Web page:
Welcome back. I hope you caught the first part in this series where I stressed how important it is that businesses recognise that countries and cultures interact with websites differently and how it’s key to provide bespoke experiences in order to succeed.
In the concluding part of the series, I’ll explore the challenges of brand consistency and my final thoughts on the matter. There is a big world out there and this is neither a quick nor easy process.
It is one that will help increase conversions and ROI though, something businesses can’t ignore as global online competition accelerates.
Challenges of consistency
Staying on-brand is important for companies. Delivering a tailored experienced to visitors by market is also important.
Finding a balance between the two is a common challenge for internationalised companies, not only to ensure the brand is clearly recognised wherever you go, but also due to the cost implications from maintaining multiple sites.
Ultimately, most optimisation solutions afford the flexibility of being able to deliver multiple versions of a page based on rules. Companies should take advantage of this.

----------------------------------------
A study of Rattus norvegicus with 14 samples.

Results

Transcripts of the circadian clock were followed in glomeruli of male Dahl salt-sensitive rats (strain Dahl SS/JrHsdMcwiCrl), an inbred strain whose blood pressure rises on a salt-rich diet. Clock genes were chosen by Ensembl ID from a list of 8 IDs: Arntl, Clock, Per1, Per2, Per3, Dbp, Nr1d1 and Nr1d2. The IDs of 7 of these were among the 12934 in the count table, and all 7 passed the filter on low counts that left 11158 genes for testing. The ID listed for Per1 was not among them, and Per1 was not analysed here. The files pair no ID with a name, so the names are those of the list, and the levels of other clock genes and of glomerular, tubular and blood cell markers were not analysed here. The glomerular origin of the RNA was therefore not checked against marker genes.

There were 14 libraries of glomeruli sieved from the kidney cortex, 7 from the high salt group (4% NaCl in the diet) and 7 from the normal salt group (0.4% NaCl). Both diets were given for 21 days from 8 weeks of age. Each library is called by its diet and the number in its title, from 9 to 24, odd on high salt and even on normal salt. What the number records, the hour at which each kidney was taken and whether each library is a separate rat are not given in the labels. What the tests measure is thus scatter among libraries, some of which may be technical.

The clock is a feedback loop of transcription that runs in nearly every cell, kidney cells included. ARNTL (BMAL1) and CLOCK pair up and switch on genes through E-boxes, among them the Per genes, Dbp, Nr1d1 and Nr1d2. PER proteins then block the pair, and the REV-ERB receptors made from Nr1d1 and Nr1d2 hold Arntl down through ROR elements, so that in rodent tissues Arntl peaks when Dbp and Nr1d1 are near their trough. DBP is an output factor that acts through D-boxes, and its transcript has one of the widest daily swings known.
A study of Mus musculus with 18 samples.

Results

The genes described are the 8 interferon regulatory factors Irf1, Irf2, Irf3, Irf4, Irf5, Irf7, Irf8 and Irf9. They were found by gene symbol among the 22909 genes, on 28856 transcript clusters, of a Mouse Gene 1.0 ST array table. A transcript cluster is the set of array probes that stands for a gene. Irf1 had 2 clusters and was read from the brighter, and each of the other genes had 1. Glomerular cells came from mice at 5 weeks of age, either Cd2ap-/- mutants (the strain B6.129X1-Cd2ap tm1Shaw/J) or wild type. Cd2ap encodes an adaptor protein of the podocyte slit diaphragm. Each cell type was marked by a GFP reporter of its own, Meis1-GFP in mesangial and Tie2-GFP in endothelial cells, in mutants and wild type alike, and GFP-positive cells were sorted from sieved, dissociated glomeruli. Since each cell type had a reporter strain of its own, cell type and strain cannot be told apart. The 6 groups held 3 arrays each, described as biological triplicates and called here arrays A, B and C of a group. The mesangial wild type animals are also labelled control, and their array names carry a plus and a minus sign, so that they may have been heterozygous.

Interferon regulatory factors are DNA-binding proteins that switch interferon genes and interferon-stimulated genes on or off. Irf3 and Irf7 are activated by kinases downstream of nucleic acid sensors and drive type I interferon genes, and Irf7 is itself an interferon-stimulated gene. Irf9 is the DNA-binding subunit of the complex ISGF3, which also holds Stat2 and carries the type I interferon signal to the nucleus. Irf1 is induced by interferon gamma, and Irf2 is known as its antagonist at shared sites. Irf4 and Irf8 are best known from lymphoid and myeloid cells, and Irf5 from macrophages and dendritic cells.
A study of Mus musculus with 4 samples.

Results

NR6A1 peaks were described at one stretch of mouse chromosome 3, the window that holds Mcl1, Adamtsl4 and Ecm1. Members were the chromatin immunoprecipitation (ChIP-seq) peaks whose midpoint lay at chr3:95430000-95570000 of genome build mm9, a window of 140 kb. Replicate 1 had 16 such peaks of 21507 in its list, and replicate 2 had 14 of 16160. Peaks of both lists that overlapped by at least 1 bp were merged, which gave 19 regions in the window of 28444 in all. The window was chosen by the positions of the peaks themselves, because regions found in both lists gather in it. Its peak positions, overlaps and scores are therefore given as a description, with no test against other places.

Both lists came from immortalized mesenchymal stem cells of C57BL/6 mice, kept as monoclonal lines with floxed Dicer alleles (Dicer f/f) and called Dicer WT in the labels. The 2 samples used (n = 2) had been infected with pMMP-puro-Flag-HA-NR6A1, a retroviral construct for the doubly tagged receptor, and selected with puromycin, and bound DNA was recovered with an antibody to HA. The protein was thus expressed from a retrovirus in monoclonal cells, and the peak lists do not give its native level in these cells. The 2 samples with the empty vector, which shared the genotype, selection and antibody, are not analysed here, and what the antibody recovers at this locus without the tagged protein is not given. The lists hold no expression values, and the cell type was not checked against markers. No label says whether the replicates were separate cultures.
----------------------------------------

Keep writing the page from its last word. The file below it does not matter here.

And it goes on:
If visitors in one country respond well to a specific layout, messaging, or style, there is a compelling, data-driven business argument to present them with something slightly different. Instead of asking yourself if a particular change is ‘on-brand’ enough, enable your business by asking yourself what your visitors like.
When I referred to the number of times I had been mistaken for American, I did not touch on the fact that, well, not everyone gets it wrong.
There are three scenarios:
“So where in America are you from?”
We’ve covered this one. Sorry. Not from there.
“Well that’s an interesting accent…are you…by chance…Canadian?”
This is the one where they don’t really know, but they do know that Canadians don’t tend to be thrilled when thought of as American, so they dive straight in with “Canadian” and hope for the best.
“Um. So. Where are you from?”
This is the safest play you can make. To be honest, I don’t know why more don’t opt for it.
Well, actually I do know why more people don’t opt for the last choice. It’s because we all have different behavioural tendencies regardless of geographical location. We react differently. We thrive on different things. We behave differently.
So, while testing, segmentation and targeting at the level of language and culture is a great start to drive value for online businesses, it’s just that, a start.
I hope you enjoyed my thoughts on how (and what) to optimise when you’re operating in a global marketplace. Perhaps next time we can go a bit deeper into personalisation.